1. Recent possession of stolen goods not explained to the jury's satisfaction and accompanied by contradictory statements on the part of the defendant as to the origin of his possession will support a conviction for larceny.
2. Testimony that the defendant has been seen in the company of a person not an accessory, co-indictee, or witness in the case will not serve as a basis of proving the bad character of such third party, nor, in any event, can such character be proved by certified indictments with convictions or pleas of guilty thereon referring to crimes unconnected with that for which the defendant is on trial.
The defendant Stocks was convicted on three counts of larceny of: a 1962 Chevrolet belonging to John Matthews stolen on June 9 and sold by Stocks to Burnett Discount Co. on June 13; a 1962 Chevrolet belonging to Walter McDonald stolen on June 26 and sold by the defendant to C. & W. Motor Co. on July 8, and a 1965 Chevrolet pick-up truck belonging to James Bryson stolen on August 2 and sold by the defendant in August to Cole, owner of a used car lot in Duluth, Ga. He first attempted to sell the McDonald and Bryson vehicles without license tags, and was arrested as a result of his attempts to obtain certificates of title from the State Department of Revenue. There was testimony by arresting officers as to contradictory statements made by him as to the source from which he had acquired the various vehicles.
1. Recent possession of stolen goods unexplained to the satisfaction of the jury and especially when accompanied by false statements as to the person from whom received, authorizes a conviction of larceny. Scott v. State, 119 Ga. 425 (46 SE 637). Each count of this indictment was supported by evidence.
2. The State tendered in evidence over objection convictions of one Fred Wyatt for the following offenses: misdemeanor, 1956; robbery, 1956; larceny of automobile, 1956; robbery, 1967. Wyatt was neither a co-indictee nor a witness in the case but remains a shadowy figure on the periphery of the investigation. The previous convictions of the absent Wyatt were utterly extraneous to any issue in the defendant's trial, and their admission was error.
3. There are a number of other enumerations of error, some of which have been abandoned, some on alleged incorrect instructions as to which no exception was taken and which the court does not believe sufficiently material to consider in the absence of objection; some to which page references are not supplied so that they may be properly identified, and others, including the motions for mistrial, which are not likely to recur. in connection with the grounds dealing with the testimony of witnesses as to photographs exhibited to them see Shelton v. State, 111 Ga. App. 351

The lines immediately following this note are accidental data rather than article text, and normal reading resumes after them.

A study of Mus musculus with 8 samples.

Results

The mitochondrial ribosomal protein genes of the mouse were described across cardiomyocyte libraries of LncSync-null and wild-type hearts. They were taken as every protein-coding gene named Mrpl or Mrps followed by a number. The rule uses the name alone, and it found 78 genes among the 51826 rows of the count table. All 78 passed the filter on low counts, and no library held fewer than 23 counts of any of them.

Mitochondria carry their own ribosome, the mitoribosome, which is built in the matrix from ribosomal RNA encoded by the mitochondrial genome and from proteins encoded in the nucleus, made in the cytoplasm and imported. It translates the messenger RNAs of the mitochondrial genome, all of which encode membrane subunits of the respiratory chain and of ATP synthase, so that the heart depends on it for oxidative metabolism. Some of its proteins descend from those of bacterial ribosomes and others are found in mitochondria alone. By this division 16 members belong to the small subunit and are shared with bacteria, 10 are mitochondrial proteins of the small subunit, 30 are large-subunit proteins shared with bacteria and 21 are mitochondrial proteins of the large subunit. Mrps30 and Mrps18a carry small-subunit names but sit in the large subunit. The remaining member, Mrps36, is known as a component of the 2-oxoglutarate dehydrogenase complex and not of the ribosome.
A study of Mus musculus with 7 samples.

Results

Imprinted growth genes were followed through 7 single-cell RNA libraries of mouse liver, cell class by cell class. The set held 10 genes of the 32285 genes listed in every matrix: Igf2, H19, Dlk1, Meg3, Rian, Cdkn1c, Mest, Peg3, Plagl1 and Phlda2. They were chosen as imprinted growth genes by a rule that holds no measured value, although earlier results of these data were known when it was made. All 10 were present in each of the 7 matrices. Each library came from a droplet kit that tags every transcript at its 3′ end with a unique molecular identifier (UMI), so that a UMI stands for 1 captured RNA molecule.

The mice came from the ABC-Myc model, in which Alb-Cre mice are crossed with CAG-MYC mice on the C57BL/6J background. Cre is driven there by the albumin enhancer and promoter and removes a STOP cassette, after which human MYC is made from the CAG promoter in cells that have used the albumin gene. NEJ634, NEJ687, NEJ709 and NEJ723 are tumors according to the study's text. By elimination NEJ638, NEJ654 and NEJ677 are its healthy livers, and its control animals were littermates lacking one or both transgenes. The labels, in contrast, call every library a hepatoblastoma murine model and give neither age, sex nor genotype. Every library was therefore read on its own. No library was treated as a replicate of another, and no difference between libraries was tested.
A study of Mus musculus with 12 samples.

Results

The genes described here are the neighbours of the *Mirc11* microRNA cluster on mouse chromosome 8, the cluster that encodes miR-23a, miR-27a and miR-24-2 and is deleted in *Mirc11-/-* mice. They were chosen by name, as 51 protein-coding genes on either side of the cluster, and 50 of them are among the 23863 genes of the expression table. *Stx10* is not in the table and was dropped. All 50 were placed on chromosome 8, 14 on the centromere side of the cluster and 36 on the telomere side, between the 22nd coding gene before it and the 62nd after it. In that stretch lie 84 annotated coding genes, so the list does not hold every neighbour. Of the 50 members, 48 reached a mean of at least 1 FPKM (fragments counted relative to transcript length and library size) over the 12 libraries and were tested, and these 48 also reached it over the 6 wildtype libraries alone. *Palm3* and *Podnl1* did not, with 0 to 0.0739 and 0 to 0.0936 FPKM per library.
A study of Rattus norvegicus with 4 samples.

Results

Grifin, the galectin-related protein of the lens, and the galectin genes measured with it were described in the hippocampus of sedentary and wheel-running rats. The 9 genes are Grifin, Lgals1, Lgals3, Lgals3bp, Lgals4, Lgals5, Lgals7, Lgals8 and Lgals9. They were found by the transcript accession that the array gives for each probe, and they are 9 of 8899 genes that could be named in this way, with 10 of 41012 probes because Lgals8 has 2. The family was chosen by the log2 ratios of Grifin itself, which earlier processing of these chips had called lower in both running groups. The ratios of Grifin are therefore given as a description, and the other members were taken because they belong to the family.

, 353 (141 SE2d 776
) and Cooper v. State, 182 Ga. 42
(184 SE 716
, 104 ALR 1309).
DEEN, Judge, concurring specially.
The following having been omitted from the opinion as originally written at the request of my brethren, but it being my opinion that the factual content is necessary to a complete understanding of the decision, I reproduce it here:
(a) " 'Now, to prove in a criminal case that the defendant is a person of criminal bent of mind is not without probative value on the issue as to whether he committed the particular crime involved; for criminals are more likely to commit new crimes than are persons free from the taint of previous criminality. To prove that the defendant had committed other offenses would naturally cause the jury more readily to believe that the defendant committed the particular offense in question; and this from a logical standpoint would not be a misuse of the testimony. The real misuse is likely to come about . . . by reason of the danger of the jury's convicting the defendant "on general principles" as the common saying is, instead of determining his guilt of the specific offense for which he stands charged.' Lee v. State, 8 Ga. App. 413 (2)
, 416 (69 SE 310
). A fortiori, to instruct the jury that such evidence is admitted for the sole purpose of showing intent or bent of mind is error where the evidence shows no more than a criminal disposition on the part of the defendant. The rule is that before evidence of another criminal act is admissible for the purpose of showing intent there must be some logical connection between the crimes so that proof of one tends to prove the existence of the other and 'the appellate courts are without power to repeal it or destroy it by chiseling it away." Bacon v. State, 209 Ga. 261
263-264 (71 SE2d 615
). There was evidence that the defendant offered both the truck and another vehicle for sale at the same time, and that when he attempted to obtain title registration the serial numbers of the vehicles were transposed. The court charged: 'Evidence of the defendant's conduct with reference to . . . similar transactions about the same time is admissible for the consideration of the jury insofar only as it might tend to illustrate the defendant's state of mind on the subject involved, if you think it does so illustrate. . . If you believe that the defendant had had similar transactions you will bear in mind that in considering such evidence you are considering it solely with reference to the mental state or intent of the defendant insofar as the same illustrates the charges embraced in this bill of indictment.' This evidence was relevant insofar as it bore on the defendant's difficulties in obtaining title registration which eventually led to his arrest but it was not admissible for the purpose of showing the defendant's larcenous state of mind and should not have been considered for that purpose.